Thursday, May 23, 2024

Jennifer Graybeal, renowned elementary teacher, retires in 2024


Graybeal is in her final year of a 35-year teaching career in Cascade School District, and her experience shows in her smoothly run classroom of wriggling little bodies. Her authentic relationship with each student is apparent. When students are asked to come to their carpet squares, she says, “Thank you for being a good leader” to those who modeled responsive behavior. When one child tried to turn in a paper with no name, she gently teases, “Did you write in invisible ink? I can’t see your name.”

Teaching for so long means Graybeal is very connected in the Upper Valley. “When I started teaching, I was one of only two kindergarten teachers mostly,” she said. “[Close to] half the students in the district went through my classroom for about ten years. As a new teacher, what a fun way to join the community and get to know so many wonderful families. It has been a privilege teaching kids, watching them grow up, and now often teaching their children.”

Graybeal spent the majority of her career at Osborn Elementary, teaching kindergarten and first grade there before the elementary schools were reconfigured, then teaching fourth and third grade before returning to her “roots” in kindergarten at Peshastin Dryden Elementary in 2016.

“In 2020, I joined Tina Richardson in a teaching partnership,” Graybeal said. “We currently share two full time positions: a kindergarten classroom and the K-2 Title I reading and math Intervention Specialist.”

“When Jennifer came to this shared position, the intervention program heavily focused on reading support,” explained Richardson. “Through shared collaboration, the program has been able to expand to offer math as well. Jennifer has been integral to this expansion by bringing innovative ideas to the table. She always strives to create systems that benefit students and staff in the pursuit of student growth.”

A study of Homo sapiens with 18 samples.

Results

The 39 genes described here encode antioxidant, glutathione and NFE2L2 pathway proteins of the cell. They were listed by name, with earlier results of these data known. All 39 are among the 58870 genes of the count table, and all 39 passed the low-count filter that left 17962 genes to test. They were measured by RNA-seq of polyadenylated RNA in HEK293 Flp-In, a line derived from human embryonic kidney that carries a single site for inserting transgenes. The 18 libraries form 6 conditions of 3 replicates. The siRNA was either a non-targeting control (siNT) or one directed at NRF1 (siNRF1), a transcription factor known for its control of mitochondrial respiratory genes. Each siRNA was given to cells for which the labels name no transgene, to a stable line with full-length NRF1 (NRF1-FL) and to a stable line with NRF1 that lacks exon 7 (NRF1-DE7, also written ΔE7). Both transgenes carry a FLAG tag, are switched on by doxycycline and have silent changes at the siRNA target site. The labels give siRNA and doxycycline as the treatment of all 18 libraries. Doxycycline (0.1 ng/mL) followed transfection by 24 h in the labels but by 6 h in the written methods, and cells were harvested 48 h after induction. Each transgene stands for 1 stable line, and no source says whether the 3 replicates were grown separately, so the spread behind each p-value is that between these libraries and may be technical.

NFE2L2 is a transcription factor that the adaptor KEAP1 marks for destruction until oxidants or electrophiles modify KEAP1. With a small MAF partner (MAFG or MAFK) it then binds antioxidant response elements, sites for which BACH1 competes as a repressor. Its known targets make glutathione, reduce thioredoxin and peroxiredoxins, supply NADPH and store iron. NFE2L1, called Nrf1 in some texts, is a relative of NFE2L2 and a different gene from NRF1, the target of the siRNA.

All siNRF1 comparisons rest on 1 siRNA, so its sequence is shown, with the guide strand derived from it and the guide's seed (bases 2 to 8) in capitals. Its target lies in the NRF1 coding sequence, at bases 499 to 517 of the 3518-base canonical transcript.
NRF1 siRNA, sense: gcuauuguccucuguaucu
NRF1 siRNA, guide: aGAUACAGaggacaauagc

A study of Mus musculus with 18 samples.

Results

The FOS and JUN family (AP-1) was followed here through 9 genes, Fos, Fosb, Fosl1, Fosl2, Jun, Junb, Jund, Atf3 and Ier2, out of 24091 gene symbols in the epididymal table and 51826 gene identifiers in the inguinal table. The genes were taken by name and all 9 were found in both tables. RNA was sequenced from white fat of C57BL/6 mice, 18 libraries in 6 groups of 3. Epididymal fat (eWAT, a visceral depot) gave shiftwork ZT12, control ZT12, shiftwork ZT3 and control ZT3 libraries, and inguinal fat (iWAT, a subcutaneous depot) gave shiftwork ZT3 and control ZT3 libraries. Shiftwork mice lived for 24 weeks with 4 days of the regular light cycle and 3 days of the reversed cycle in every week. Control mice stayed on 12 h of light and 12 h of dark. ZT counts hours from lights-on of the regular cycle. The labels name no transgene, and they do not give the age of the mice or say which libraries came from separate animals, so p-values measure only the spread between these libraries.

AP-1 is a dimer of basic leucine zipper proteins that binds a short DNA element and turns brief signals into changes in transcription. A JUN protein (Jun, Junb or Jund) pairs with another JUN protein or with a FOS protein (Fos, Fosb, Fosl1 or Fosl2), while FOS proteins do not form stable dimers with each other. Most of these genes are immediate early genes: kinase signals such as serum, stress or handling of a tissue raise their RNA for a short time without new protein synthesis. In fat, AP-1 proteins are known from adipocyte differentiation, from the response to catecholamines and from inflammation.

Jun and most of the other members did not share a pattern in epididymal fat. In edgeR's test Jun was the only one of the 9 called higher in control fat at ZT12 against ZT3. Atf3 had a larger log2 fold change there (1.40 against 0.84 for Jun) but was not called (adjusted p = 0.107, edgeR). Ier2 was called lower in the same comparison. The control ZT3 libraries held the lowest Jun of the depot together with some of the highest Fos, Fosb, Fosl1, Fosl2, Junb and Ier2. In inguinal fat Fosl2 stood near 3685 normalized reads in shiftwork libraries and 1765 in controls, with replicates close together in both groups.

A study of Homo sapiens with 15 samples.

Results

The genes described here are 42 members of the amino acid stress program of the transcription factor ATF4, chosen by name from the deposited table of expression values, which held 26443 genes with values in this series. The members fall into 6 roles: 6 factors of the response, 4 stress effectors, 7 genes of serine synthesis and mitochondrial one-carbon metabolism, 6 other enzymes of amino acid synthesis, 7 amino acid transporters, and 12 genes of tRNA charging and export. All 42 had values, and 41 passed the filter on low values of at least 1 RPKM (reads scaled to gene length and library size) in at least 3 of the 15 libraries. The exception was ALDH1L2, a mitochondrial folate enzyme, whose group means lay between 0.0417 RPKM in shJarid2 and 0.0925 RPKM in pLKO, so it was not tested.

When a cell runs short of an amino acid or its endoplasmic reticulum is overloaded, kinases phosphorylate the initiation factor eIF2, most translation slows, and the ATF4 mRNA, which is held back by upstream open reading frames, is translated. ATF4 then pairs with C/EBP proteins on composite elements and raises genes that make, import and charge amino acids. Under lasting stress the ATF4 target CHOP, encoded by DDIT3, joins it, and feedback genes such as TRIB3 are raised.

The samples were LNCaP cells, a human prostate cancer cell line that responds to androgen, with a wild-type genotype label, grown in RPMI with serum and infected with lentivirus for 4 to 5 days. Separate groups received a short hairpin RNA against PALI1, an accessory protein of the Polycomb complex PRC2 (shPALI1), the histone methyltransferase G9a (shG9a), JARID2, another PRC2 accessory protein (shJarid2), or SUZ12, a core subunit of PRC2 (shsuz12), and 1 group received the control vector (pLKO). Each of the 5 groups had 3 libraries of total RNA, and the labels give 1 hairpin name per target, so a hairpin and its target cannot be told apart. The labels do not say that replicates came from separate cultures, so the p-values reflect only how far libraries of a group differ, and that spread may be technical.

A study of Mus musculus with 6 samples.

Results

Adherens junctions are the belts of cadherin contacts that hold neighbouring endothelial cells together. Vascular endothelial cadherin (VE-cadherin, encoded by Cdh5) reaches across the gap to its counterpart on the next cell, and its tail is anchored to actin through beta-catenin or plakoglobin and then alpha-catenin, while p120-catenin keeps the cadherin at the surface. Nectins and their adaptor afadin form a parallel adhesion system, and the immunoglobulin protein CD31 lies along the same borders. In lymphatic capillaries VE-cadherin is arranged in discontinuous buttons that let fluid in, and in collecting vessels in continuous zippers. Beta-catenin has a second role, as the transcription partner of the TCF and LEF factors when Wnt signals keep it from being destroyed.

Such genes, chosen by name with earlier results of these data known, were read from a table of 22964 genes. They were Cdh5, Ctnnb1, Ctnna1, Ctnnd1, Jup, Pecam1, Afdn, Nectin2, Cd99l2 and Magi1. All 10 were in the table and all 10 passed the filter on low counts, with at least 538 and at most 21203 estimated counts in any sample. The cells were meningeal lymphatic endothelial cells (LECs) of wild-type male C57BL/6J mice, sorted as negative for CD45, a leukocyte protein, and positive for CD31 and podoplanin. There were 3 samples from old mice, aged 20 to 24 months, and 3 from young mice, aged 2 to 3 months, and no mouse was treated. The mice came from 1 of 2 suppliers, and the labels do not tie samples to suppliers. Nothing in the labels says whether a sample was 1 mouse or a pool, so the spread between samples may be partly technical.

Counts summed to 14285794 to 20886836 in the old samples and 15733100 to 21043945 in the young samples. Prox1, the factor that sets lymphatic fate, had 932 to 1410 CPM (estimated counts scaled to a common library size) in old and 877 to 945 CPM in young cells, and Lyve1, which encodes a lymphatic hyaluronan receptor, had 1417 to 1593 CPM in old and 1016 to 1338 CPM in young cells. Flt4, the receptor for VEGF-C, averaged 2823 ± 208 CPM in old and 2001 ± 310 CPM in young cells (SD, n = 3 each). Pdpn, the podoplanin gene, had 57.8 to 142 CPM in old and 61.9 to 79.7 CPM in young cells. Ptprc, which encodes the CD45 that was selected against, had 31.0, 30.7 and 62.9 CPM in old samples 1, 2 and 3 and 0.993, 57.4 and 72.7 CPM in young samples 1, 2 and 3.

The intervention program is data driven; so much so that changes in intervention can occur based upon assessments done earlier that day. It is adaptable, allowing for students to come and go based upon their current needs, and it has a track record of success with improving standardized test scores for PD students. 

Graybeal grew up in Cashmere, and teaching in a small school district seemed the natural choice, even with a commute from Wenatchee.  “I chose to bring my children ‘up valley’ beginning in preschool until becoming Cascade grads. A small school district fosters opportunities to develop rapport, relationships, programs, and systems. I think with quality leadership and collaboration, the possibilities are endless.”

Graybeal has made an impact on colleagues in addition to students. One such colleague is Tracy Krous. Their paths first crossed in the 90’s. “I was hired as a half-time kindergarten teacher, and Jen was my mentor. There are so many things that college doesn't prepare you for. She helped me navigate five-year-olds being in school all day for the first time, kids crying under tables, and the workload. My first year was successful in part due to her guidance.”

Their paths crossed again several years later as part of the third-grade team. “Those were some of my best years of teaching,” said Krous. “We were able to team teach with her doing the English Language Arts portion of the day, and I did the math and science. It was a fabulous partnership.”

“Jennifer's experience teaching many different grades has given her a unique and valuable vertical perspective of the learning spectrum of elementary-aged students in our district,” said Richardson. “She knows the foundations that need to be built in order to support future learning.”

Graybeal demonstrates the values that she holds dear when it comes to teaching. She shared, “It requires honesty, integrity, patience, and perseverance with a ‘kids first’ advocacy. Teaching requires a lot of energy, organization, and forward thinking, as well as a solid work ethic while maintaining a positive attitude.”

Her retirement is well earned, but she added, “Retiring is kind of bittersweet. I have been a part of this CSD family most of my life. There is much I will miss with student and staff connections, but so much to look forward to at the same time.” Graybeal is referring, in part, to more time with her three young grandchildren. 

Graybeal has proven she’s good at adapting to new phases of her teaching and now this post-teaching phase. “One thing I do understand is that as difficult as change is, it’s important to always keep moving forward!”